I would like to be able to rollback deployments done with SQL Release.
Our current guidance for rollback support on SQL Change Automation is here: https://documentation.red-gate.com/sca/developing-databases/concepts/advanced-concepts/rollbacks
Our roadmap for 2021 does include further researching and evolving rollback procedures: https://www.red-gate.com/products/redgate-deploy/roadmap
I currently manually create a rollback folder in the project. Then,I create a subfolder nabbed the same as the migration subfolder (e.g 1.1.0-changes). Then, when I import, I copy the revert sql into a rollback script and modify as necessary. Then I import the migration. Then I copy the migration script filename over the rollback script filename and add "-ROLLBACK.sql" to the name.
I made a powershell script to copy all of the rollbacks for a given folder into a single script in reverse order.
I'd love to see this more automated in SCA. :)
Chris Lambrou commented
Ah, I see. Yes, that seems like quite a sensible use case.
Including a rollback script is something that's already on our roadmap. It's also attracted quite a number of votes and is probably reasonably straightforward to implement. As such, it's likely to come quite high up our backlog. I'll keep you posted.
Doug Tucker commented
Backup/restore isn't a viable alternative when the deployment targets hundreds of databases on a single server (much less thousands of databases across dozens of servers).
The "failure" may not be schema at all, but rather the discovery that the application driving the schema change has just deployed a fatal error and needs to roll back to the previous release of code/schema. For this reason, any Update.sql we create comes with a corresponding Antidote.sql to undo that update, so far as is possible (e.g. columns dropped can't be undropped).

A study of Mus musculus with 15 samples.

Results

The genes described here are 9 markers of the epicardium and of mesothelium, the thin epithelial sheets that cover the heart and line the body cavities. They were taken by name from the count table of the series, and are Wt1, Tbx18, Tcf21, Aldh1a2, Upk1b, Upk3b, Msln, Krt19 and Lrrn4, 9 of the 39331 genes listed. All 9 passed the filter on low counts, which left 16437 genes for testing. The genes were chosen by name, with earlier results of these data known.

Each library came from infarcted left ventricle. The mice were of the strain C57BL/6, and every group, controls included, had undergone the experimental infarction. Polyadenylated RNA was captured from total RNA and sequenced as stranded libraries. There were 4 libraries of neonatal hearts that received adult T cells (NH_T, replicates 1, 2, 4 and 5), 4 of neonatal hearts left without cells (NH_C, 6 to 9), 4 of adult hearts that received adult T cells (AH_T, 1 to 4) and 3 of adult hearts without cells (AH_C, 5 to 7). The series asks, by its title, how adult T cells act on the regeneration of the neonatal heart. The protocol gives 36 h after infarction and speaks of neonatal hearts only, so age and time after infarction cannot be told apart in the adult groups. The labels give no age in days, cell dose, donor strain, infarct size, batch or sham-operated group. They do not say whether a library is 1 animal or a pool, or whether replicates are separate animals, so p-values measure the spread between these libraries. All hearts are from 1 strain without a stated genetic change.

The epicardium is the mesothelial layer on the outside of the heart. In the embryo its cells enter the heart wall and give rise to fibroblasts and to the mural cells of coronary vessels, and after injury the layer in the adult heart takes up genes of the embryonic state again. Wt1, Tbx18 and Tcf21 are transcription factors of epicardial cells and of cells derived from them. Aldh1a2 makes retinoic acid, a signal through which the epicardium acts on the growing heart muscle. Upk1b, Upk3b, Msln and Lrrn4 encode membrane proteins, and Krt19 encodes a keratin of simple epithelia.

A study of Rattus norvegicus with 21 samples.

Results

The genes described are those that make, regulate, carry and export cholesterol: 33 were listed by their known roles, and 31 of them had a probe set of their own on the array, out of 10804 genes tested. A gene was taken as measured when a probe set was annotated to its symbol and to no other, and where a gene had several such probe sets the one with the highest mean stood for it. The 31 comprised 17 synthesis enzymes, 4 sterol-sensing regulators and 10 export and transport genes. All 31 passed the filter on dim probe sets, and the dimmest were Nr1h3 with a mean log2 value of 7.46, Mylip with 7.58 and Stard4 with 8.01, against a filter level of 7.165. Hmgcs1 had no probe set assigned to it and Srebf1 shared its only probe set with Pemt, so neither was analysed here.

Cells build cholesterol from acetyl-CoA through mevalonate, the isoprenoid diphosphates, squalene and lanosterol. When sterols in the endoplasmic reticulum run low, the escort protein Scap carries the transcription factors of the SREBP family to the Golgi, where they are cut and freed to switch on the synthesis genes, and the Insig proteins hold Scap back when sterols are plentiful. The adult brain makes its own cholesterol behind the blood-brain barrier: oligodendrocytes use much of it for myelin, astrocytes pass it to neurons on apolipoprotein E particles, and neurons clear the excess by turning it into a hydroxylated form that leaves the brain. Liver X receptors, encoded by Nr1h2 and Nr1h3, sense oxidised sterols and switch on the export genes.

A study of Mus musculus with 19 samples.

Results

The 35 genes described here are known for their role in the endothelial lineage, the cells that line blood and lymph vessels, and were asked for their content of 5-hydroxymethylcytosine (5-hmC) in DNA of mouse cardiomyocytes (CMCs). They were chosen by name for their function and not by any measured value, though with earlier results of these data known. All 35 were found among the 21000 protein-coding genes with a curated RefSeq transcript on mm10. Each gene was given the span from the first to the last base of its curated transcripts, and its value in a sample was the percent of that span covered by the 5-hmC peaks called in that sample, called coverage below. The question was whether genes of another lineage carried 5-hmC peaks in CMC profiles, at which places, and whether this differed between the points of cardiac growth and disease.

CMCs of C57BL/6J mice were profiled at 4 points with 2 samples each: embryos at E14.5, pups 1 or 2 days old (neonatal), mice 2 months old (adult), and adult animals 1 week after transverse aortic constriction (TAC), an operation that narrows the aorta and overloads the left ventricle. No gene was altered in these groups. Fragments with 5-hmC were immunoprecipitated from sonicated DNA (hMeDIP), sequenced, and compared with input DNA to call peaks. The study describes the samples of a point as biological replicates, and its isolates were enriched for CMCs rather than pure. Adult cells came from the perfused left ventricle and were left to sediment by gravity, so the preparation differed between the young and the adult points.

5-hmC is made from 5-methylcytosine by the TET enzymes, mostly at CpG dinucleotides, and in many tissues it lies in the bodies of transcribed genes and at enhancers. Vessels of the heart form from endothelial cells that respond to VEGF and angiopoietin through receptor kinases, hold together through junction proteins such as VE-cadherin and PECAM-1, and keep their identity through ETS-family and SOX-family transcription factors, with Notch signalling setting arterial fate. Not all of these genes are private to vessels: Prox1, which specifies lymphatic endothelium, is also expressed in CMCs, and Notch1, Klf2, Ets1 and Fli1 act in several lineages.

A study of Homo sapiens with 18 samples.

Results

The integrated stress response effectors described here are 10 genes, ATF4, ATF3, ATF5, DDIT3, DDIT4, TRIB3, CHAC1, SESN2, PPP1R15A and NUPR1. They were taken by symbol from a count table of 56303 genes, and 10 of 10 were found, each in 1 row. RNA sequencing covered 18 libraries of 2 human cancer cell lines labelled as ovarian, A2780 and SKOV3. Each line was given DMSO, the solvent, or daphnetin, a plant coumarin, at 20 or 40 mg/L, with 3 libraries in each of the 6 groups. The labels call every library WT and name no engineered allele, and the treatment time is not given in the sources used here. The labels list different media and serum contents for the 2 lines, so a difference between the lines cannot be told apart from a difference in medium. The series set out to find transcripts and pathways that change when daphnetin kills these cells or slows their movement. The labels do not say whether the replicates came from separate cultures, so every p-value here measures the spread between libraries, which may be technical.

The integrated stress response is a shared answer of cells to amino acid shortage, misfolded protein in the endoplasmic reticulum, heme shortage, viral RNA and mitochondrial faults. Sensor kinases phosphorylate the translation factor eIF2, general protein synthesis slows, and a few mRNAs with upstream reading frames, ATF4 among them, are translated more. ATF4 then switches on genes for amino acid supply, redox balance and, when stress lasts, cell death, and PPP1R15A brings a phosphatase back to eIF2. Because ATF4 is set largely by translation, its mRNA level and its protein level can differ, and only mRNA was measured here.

Chris Lambrou commented
In principle, with each Update.sql script we could also generate a corresponding Rollback.sql script and change report. We could either provide a -Rollback switch to the Publish-DatabaseUpdate cmdlet, or event a separate Unpublish-DatabaseUpdate cmdlet.
In practice, we could only safely perform a rollback after a successful update. I would only recommend using a rollback if it's actually an expected part of an automation process. In that case, I'd advise at least considering the alternatives of using backup and restore, or rolling forward to a new version that reinstates a previous database schema.
Finally, if an update is only partially applied, but then fails, there's no guarantee that the Rollback would even work. Although the Update script includes a transaction which will attempt to rollback changes on error, this isn't foolproof. Not every change can be carried out within the transaction, and it's possible the script was abruptly interrupted anyway (e.g. network failure). The upshot is that your target database will be in an unknown state. At this point, it's probably best to carry out a manual intervention to resolve the issue.